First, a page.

Based on the best-selling novel by Irish author Sally Rooney, BBC Three’s adaptation of Normal People is a near word for word parallel as it tells the raw and realistic story of Marianne (Daisy Edgar-Jones) and Connell (Paul Mescal). An infatuation started as teens through secret kisses (and that which follows) that would continue to be revived and deepen as their lives persist on crossing paths throughout the years.
By sheer coincidence, I had decided to read the novel just the week before the release of the tv-series. When I found out about the adaptation I was immediately thrilled, and yet wary of how they would go on to depict the tender nuances on screen. With the pages fresh in my memory I sat down on the couch with high expectations and clicked play.
(BBC Three: Normal People) Daisy Edgar-Jones as Marianne.
Normal People is undoubtedly one of the most true-to-word book adaptations made. I was practically able to recite the dialogue along with the characters, only a handful of times did I notice the conversation skew from the original. However, there was one odd difference between the series and novel that I found slightly off-putting.
You see, the novel is chaptered by dates and time jumps, but the series doesn’t commit to that format until halfway through. This makes the first 6 episodes feel rather rushed and restless as they still stick to the same events, but neglect the time jumps and just squeezes it all together – making a month feel like three days, half a year a month, etc. The moment the series adapts to the time skipping and lets down its hair, it instantly becomes much more natural and at ease.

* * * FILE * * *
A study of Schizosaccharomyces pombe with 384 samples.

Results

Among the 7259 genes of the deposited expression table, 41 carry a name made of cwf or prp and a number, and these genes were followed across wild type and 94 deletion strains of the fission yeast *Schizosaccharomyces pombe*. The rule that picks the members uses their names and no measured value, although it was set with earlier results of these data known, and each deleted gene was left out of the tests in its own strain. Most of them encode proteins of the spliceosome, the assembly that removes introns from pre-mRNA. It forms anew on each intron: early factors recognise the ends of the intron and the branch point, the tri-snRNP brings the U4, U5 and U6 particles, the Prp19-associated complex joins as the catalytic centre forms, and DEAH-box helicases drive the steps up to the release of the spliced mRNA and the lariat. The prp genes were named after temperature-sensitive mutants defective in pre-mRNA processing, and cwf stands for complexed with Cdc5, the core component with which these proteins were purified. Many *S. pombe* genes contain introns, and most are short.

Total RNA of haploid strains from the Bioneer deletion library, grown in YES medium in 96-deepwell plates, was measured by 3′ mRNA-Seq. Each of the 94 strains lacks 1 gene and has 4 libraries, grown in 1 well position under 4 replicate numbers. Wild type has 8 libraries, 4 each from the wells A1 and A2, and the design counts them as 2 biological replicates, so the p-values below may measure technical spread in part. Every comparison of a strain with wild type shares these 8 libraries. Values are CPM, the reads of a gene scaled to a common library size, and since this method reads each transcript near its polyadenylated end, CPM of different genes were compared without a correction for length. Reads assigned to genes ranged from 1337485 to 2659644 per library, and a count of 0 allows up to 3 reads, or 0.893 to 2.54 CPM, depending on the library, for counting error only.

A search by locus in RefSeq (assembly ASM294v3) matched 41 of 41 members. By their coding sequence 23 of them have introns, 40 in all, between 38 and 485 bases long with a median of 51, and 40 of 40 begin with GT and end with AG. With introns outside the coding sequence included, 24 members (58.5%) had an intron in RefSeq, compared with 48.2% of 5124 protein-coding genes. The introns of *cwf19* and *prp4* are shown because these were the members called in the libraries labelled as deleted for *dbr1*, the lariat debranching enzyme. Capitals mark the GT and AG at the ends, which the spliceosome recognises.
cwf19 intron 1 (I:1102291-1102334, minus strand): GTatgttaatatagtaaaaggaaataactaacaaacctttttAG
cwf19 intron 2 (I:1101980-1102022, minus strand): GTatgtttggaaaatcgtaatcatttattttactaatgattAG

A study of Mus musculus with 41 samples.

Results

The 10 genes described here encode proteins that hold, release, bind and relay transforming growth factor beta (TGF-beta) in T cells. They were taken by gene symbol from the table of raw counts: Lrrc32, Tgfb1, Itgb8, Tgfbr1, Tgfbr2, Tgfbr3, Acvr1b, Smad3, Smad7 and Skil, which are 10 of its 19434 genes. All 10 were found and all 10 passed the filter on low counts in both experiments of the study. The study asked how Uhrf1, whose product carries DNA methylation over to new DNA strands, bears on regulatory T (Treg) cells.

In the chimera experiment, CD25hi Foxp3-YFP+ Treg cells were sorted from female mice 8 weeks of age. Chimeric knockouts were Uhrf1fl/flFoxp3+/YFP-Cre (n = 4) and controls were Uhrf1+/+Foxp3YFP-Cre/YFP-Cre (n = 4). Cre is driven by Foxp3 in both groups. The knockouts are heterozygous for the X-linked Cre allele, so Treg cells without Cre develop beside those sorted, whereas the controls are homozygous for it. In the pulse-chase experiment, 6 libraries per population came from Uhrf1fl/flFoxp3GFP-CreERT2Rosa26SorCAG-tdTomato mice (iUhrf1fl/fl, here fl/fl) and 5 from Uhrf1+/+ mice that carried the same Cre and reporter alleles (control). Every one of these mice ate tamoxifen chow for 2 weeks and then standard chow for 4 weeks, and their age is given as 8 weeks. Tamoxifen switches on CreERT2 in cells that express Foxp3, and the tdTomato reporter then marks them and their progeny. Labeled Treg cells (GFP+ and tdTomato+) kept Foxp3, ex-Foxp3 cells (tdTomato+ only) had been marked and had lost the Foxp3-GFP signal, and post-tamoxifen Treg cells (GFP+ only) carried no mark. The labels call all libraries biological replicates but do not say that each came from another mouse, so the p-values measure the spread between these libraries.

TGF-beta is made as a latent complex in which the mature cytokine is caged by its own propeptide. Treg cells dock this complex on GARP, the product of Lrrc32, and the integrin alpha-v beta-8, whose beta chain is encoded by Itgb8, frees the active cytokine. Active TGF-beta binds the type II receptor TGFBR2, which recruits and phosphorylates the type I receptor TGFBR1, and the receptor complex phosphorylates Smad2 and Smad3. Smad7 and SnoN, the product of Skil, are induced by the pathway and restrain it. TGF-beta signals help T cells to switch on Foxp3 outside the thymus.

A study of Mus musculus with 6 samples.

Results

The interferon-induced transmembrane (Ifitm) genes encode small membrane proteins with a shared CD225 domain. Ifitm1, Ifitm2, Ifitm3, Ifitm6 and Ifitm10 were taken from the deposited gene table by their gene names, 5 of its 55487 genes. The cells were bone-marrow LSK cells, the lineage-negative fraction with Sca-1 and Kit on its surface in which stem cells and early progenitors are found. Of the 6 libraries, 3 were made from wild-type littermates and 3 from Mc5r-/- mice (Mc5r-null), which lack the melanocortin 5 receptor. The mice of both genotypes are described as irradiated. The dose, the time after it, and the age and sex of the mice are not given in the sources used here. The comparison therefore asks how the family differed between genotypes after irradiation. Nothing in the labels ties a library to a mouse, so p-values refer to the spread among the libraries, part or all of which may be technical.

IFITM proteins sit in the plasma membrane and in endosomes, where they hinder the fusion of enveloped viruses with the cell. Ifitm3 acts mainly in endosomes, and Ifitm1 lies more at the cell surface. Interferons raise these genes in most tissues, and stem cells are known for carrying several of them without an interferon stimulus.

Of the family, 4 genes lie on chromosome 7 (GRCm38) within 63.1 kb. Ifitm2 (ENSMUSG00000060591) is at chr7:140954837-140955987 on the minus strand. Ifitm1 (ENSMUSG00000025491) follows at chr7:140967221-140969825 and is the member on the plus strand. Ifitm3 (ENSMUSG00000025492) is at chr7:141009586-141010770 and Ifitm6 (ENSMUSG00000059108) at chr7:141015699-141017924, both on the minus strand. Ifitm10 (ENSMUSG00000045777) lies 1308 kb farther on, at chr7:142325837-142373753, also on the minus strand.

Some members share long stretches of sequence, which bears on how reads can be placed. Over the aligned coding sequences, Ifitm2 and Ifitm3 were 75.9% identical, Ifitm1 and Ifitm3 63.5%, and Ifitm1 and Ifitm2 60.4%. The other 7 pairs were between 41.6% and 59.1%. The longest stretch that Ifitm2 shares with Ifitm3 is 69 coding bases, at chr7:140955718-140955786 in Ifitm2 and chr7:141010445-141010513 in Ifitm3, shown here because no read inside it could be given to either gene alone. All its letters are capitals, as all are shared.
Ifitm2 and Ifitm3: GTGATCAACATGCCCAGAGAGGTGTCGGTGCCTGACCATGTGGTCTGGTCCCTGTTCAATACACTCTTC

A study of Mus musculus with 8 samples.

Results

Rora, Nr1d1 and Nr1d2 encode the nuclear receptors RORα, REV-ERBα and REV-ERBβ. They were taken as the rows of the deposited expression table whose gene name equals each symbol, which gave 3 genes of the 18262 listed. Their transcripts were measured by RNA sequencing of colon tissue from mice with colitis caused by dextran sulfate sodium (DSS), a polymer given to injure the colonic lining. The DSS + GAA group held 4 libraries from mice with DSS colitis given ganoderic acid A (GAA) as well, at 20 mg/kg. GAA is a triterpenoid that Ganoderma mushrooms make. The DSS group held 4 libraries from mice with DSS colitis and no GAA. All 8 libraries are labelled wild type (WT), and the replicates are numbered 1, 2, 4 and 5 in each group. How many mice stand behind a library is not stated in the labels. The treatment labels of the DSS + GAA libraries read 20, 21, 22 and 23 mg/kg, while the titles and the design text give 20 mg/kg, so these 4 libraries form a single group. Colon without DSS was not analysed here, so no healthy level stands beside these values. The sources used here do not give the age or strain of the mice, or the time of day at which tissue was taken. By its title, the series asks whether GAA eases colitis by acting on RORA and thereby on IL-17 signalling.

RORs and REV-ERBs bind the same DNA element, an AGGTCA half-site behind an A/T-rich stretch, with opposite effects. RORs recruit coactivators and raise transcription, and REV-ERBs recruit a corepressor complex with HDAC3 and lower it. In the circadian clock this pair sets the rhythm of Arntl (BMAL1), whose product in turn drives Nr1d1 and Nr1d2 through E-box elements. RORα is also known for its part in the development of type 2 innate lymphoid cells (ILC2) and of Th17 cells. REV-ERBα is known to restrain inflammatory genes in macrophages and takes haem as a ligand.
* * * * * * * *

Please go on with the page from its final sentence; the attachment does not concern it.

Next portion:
By being such a faithful adaptation, especially in regards to dialogue, I did notice that the conversations at times did come off a bit dry. As if it was being read straight from the script with no vocal acting. This could be because the story is very minimalistic – with little to no soundtrack and just a lot of vampire-ish starring.
If you have read my piece The Power of Silence in Cinema, you know that I’m a sucker for slow-burn romances with lots of silent tension. But I really struggled to be captivated in the first half of this series.
It might just be that my foreign Scandinavian ears are to busy making sure I catch everything that’s being said, making me end up missing out on the nuances in their voices. I’m not quite sure. But if you do happen to feel there is a lack of dynamic in the dialogue, and also happen to not be Irish, maybe keep that in mind whilst watching.
(BBC Three: Normal People) Marianne (Daisy) and Connell (Paul) together.
Although canonly set between 2011 and 2015, the series gracefully floats through ambiguous political discussions and little to no use of social media, making its mark as a modern story with modern characters that have as much appeal now as it would have in 2008 or 2026.
With its vague reminiscences of the early 2010’s, there is also an appeal to those of us in our late teens and early twenties. It’s a nostalgic sugarcoated memory of a simpler and less-tech focused life.
With this ambiguity and minimalism, it in ways make the story much more focused. We see these two people live a life in our physical world, a world that feels closer and less impersonal as it sometimes can online. Of course, some series have mastered social media and created a world modern and relevant to our own – HBO’s Euphoria, in particular, comes to mind.
But Normal People isn’t and doesn’t attempt to be a commentary on current society. This timelessness gives it all the more space to really concentrate on this relationship and them as individual persons.
(BBC Three: Normal People) Lorraine (Sarah Greene) and Marianne (Daisy)
There are several sincere and joyful moments in these 12x 20-minute episodes. Based on the general hype for this series, you will probably enjoy quite a bit of it. Personally though, I struggled to get through the first half.
Had it not been because I enjoyed the novel so much, I don’t think I would have finished it. Which is a shame, as it is in the end that it really comes together.
The series has been praised for its realistic and uncensored sex scenes, but even in those moments, the characters felt held back and restrained by this new visual format.
In the end, it comes up to your individual taste. If you enjoy young-adult romances and semi-pretentious wine conversations, give it a shot. If not, there is always the book (or these 10 mini-series on Netflix).